The Syndemic of Stress and Aging in an HIV-infected Population

What we are studying

The purpose of this research study is to see how HIV, stress, and aging relate to each other. The study will also collect some preliminary information about a cell phone app that is designed to help with stress.

Who we are studying

  • Men and Women
  • Races:
    • White
    • African American
    • Asian
    • American Indian or Alaska Native
    • Native Hawaiian or Pacific Islander
    • Other
  • All Ethnicities
  • Ages 21+

Eligibility Criteria

  • Have been a patient at the Infectious Diseases Specialty Clinic at WFBMC for greater than or equal to 12 months
  • Have documented HIV-positive serostatus
  • Are able to understand and speak English
  • Have been prescribed an ART regimen for at least 6 months
  • Have consistent access to smartphone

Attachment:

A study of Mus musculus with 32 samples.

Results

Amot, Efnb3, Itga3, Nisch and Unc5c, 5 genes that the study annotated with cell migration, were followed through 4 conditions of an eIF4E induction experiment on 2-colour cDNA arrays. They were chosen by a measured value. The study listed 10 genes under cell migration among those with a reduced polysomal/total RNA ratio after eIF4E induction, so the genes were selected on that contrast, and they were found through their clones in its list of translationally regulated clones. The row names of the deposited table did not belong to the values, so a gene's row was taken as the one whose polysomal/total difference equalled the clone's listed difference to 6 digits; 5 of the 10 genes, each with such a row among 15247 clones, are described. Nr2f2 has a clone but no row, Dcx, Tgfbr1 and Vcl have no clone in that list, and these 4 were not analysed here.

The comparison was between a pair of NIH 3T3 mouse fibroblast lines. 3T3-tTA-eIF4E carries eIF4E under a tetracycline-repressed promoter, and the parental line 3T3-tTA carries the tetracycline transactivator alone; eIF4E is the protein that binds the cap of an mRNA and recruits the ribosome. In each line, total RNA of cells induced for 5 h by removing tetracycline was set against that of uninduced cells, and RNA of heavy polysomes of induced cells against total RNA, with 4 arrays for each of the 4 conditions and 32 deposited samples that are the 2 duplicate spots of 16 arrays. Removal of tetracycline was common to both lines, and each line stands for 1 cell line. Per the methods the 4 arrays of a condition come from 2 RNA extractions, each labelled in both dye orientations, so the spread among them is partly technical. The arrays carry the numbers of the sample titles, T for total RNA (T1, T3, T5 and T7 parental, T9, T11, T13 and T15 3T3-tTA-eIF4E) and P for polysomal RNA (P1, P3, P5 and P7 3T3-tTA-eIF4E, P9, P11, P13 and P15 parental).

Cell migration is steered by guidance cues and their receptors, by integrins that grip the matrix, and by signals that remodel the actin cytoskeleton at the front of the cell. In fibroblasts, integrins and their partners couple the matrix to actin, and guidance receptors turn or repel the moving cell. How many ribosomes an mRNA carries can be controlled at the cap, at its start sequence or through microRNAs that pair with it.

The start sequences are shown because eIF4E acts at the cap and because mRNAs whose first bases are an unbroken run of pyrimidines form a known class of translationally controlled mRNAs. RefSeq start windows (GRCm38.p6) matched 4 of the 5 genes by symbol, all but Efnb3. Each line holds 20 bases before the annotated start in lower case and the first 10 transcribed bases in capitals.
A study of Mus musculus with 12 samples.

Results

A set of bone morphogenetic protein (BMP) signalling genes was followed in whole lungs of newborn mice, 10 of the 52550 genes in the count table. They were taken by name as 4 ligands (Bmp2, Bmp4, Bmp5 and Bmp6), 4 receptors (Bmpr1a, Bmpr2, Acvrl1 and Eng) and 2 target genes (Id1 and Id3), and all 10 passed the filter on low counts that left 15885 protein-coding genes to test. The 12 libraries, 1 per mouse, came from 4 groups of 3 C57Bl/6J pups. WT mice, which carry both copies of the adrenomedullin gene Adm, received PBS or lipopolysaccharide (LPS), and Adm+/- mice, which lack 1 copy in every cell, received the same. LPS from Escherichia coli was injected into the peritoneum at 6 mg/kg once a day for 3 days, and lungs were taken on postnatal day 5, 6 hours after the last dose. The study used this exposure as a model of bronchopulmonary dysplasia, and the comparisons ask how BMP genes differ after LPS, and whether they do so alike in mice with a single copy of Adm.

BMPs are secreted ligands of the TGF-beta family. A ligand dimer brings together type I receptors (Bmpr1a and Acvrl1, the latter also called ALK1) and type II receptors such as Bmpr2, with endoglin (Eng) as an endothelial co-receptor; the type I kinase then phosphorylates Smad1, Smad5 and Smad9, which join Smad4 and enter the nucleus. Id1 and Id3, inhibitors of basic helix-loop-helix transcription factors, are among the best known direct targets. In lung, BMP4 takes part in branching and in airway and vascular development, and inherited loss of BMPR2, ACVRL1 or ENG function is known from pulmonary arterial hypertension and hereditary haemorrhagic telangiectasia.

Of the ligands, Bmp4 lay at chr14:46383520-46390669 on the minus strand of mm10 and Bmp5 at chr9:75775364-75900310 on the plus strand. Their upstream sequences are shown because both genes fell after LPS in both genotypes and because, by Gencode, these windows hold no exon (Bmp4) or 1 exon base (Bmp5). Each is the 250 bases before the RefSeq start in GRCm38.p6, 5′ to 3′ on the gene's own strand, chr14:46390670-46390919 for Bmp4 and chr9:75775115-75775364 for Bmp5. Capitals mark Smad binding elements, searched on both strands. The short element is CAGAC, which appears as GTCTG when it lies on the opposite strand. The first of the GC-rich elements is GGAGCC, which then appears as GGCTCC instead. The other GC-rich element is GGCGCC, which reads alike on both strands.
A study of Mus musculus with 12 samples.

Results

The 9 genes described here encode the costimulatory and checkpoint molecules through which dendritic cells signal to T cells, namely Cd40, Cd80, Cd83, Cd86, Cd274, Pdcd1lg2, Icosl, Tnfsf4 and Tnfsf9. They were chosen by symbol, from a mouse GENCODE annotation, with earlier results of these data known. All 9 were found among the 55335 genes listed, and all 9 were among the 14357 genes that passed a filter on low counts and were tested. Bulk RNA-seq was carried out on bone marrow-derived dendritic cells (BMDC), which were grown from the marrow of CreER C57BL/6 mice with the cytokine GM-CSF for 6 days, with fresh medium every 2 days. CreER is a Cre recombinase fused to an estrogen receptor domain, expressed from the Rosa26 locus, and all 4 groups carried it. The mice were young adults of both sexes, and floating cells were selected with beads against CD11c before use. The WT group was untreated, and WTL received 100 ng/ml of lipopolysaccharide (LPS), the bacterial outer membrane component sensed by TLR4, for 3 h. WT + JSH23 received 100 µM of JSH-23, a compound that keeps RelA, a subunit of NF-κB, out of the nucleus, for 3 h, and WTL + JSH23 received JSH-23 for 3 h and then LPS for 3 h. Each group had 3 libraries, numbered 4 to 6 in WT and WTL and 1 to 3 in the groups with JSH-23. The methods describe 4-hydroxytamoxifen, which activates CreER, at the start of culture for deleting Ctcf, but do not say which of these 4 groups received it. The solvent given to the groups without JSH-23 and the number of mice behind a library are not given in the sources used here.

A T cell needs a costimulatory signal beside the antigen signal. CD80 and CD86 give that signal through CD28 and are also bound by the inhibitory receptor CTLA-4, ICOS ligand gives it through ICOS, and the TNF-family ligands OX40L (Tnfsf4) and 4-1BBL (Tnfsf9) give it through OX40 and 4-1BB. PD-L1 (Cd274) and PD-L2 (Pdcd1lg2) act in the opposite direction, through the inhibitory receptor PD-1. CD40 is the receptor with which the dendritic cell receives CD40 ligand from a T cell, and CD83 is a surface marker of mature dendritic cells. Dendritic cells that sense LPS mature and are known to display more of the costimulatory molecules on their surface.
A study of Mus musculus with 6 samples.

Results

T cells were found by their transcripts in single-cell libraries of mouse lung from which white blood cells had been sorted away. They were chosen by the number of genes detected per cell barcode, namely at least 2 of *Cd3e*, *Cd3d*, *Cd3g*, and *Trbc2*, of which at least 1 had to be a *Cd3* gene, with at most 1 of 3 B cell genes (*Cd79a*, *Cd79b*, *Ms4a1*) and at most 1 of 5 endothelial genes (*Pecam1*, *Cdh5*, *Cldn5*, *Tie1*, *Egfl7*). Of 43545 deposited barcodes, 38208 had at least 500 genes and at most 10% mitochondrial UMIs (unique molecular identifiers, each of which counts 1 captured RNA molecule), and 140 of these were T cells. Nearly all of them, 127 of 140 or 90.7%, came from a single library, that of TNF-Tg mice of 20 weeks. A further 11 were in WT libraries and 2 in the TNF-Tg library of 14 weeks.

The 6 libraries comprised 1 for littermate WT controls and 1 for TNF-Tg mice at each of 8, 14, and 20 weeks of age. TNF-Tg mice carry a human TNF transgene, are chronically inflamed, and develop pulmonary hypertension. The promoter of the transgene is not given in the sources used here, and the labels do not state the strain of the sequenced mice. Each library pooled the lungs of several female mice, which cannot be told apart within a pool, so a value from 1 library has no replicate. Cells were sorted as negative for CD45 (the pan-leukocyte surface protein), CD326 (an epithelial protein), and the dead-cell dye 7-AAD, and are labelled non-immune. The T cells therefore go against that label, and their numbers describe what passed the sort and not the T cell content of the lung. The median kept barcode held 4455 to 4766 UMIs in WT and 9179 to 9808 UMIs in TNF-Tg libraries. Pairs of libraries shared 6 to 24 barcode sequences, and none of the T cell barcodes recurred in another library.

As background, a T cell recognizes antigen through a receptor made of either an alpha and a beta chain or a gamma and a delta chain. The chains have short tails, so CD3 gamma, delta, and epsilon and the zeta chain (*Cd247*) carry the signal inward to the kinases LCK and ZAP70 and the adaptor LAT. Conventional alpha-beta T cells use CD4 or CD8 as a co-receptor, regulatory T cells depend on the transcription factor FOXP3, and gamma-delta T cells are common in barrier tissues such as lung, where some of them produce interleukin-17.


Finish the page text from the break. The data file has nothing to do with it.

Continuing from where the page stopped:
• Have not been on immunosuppressive agents in the last 6 months
  • Have not had a diagnosis of Cancer requiring treatment within 3 years (except for non-melanoma skin cancer)
  • Has not used non-steroidal anti-inflammatory drugs more frequently than once per week within the last 30 days.

What is involved

  • You will be enrolled in the 3-month study
  • There are 2 study visits that will take place either at the Infectious Diseases Specialty Clinic or Clinical Research Unit at WFBMC
  • At your first study visit you will be assigned either to a group that receives usual care or a group that receives usual care and training on use of a stress reduction cell phone app
  • All participants will be interviewed at the beginning and end of the study. We will ask questions about stress and life experiences; as well as testing your basic strength and memory
  • We will also collect blood and saliva samples.


There is gift card compensation after completion of each study visit.

Contact Information

Study Coordinator
Brittany Briceno
Principal Investigator
Dr. Katherine Schafer

Disclaimer: The information on this website is for general informational purposes only and SHOULD NOT be relied upon as a substitute for sound professional medical advice, evaluation or care from your physician or other qualified health care provider.